Anger is something common to man and woman. But anger can be harmful to our physical health, to our spiritual life, and to our relationship with others. Anger can lead us to say or do things that we will later regret. Anger can lead to road rage. Anger can lead to child abuse or spouse abuse. Anger can lead to ulcers. Anger can lead to bitterness and depression.

Paul J. Meyer wrote, “As an author of business programs marketed in more than sixty countries, I have encountered numerous people in every culture who have shortened their careers, ambushed their futures, and stifled their personal progress because they could not handle their pent-up anger appropriately.”

Anger is universal, but most people don’t know how to deal with anger. Most teachers and parents do not teach us to handle our anger. They simply teach us not to express our anger. Over time, we habitually respond to anger in one of three ways. Spew out anger. Seep out anger. Or stuff in anger.

Spewing out anger is most commonly done at home. Rather than to blow up at work and lose your job, you blow up at home. Yell at the children. Complain about the cooking or cleaning. Throw, hit or kick furniture. You words and actions hurt others.

Seeping out anger can be done anywhere. Psychologists call this passive-aggressive behavior. You let out your anger in small, almost indiscernible form. You procrastinate, show up late or somehow interfere with the person you are angry at. You use mild sarcasm or uncooperativeness. Anger is seeping out in disguised form.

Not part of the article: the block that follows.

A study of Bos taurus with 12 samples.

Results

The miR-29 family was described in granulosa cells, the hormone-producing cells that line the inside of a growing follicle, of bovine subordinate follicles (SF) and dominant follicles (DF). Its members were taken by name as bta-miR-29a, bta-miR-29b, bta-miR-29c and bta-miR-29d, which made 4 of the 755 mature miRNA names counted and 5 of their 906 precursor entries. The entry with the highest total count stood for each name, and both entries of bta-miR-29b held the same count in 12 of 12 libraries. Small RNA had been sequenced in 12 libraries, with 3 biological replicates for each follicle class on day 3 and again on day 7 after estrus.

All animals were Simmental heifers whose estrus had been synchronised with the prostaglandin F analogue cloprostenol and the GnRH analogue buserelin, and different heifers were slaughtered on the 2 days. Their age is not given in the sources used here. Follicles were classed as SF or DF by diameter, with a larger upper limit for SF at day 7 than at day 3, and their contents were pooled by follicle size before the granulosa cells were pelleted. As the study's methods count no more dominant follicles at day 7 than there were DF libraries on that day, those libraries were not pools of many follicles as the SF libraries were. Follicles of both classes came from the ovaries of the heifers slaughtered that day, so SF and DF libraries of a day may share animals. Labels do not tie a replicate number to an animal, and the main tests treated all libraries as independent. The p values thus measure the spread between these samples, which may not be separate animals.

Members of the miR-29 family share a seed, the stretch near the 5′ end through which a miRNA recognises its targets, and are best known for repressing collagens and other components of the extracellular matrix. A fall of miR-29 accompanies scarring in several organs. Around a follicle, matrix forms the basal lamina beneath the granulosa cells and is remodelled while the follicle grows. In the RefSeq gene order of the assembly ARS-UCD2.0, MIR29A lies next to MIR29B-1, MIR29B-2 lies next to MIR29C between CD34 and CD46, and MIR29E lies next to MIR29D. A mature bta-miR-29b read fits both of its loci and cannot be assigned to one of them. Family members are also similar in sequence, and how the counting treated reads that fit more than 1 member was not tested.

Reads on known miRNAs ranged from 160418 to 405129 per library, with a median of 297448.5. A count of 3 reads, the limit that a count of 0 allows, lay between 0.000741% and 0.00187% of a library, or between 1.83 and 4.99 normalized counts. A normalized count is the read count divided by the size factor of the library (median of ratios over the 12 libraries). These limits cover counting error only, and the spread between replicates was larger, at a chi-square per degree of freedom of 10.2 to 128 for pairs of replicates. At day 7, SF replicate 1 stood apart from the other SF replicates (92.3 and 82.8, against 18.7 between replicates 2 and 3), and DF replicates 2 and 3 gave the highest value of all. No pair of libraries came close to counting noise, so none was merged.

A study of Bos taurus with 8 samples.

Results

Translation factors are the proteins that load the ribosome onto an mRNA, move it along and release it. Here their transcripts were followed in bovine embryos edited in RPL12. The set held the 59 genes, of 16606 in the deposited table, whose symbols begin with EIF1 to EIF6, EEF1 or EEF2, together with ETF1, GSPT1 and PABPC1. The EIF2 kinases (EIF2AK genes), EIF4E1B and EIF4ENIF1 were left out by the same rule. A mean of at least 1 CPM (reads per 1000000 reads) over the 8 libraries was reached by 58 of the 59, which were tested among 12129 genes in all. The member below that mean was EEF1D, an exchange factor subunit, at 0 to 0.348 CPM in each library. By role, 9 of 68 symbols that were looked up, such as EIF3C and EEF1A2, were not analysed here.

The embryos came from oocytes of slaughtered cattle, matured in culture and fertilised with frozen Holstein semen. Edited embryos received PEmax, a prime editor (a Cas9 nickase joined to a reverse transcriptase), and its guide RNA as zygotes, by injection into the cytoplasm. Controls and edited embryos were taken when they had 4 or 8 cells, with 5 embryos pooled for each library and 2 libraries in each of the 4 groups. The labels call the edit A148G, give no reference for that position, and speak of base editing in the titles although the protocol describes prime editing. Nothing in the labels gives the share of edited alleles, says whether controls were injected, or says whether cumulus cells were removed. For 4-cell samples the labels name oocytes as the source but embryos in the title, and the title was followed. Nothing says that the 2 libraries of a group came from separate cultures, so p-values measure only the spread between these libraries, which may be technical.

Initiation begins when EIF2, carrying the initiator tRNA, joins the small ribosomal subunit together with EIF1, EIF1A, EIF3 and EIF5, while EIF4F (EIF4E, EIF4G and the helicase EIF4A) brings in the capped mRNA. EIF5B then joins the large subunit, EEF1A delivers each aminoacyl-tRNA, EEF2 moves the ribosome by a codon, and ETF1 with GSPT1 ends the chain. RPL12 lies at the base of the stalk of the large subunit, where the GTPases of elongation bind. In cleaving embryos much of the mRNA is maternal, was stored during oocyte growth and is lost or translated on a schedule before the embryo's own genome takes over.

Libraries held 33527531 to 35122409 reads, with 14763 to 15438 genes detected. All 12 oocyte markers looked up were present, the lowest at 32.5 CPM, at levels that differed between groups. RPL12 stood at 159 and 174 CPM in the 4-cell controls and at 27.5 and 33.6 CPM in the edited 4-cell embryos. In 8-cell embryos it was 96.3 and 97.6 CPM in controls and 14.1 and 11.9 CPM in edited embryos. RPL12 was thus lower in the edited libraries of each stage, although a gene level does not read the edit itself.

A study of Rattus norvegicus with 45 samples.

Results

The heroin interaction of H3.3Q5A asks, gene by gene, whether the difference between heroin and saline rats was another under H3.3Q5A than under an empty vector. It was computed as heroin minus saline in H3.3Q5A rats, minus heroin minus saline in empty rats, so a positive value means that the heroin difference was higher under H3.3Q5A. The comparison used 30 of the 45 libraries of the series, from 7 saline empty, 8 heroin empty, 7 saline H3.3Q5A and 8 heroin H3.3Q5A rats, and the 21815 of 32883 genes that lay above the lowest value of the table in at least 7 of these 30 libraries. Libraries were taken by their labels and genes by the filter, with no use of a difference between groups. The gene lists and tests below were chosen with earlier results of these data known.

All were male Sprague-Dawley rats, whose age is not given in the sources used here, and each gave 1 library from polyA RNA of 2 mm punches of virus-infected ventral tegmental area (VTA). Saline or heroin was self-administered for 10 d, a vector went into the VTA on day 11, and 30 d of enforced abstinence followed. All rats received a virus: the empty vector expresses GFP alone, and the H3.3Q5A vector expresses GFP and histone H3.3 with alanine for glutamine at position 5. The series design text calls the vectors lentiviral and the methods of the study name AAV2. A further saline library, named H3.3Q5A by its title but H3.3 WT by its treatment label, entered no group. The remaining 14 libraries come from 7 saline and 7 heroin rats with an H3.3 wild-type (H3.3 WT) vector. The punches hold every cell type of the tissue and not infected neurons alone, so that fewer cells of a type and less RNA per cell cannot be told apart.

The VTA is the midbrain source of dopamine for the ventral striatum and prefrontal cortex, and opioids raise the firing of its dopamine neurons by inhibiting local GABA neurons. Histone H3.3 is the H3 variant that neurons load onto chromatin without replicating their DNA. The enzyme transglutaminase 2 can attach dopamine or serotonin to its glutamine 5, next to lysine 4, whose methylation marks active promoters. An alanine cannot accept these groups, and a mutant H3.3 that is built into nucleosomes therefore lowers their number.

Stuffing in anger can also be done anywhere. This is a great danger for Christians, who mistakenly believe that anger is wrong and a sin. Anger is not a sin, but it can lead to sin. The Bible tells us, “In your anger do not sin.” The Bible does not say, “Do not be angry.” Stuffing in anger leads to emotional, spiritual and physical health problems.

Prisons are filled with people who did not deal with their anger, but let their anger spew out in violent acts. Schools and homes are filled with young people who do not deal with their anger, but let their anger seep out in uncooperative behaviors. Churches are filled with members who do not deal with their anger, but stuff their anger, until depression or bitterness replaces the anger.

This morning, we will be looking at how we can answer anger in a healthy and biblical way. We will not be addressing the causes of anger. There are many causes, fear, hurt, impatience, self-righteousness, jealousy, injustice, and much more. What we will address is how to work through the emotion of anger, so that you can discern the underlying cause of anger and have a clear head to deal with the causes. Because there are so many different causes of anger, we cannot address how to remove each cause in this short time.

Our text this morning is Job 12-14. Just reading these three chapters is quite therapeutic for me, because we can express anger vicariously through Job.

Can you tell that Job was angry? Angry with his so-called friends. Angry with God. But he did not sin. He handled his anger in a way that few of us do. Let’s take a closer look, and see if we can find help to answering anger in our own lives.

First, Job turned from people to God. We see this in chapters 12 and 13.

Job told his so-called friends what he thought about their condemnation, their “knickknack wisdom,” and their self-righteous attitude. Job clearly let them know he was angry with them. You might say that he vented his anger on the right people.

Many Christians do not confront the people who have wronged them. We are either afraid that confrontation would destroy our Christian witness or break the relationship. But Jesus tells us to confront the one who has wronged us.

Many times, we vent our anger on people who did not cause our anger. We vent our anger on people who are innocent or helpless to defend themselves. Because of my impatience at something undone at church or my hurt caused by someone at church, I often times will take out my anger on Esther. I would complain about her mess or her noise level. I would take away her privileges for the slightest irritation.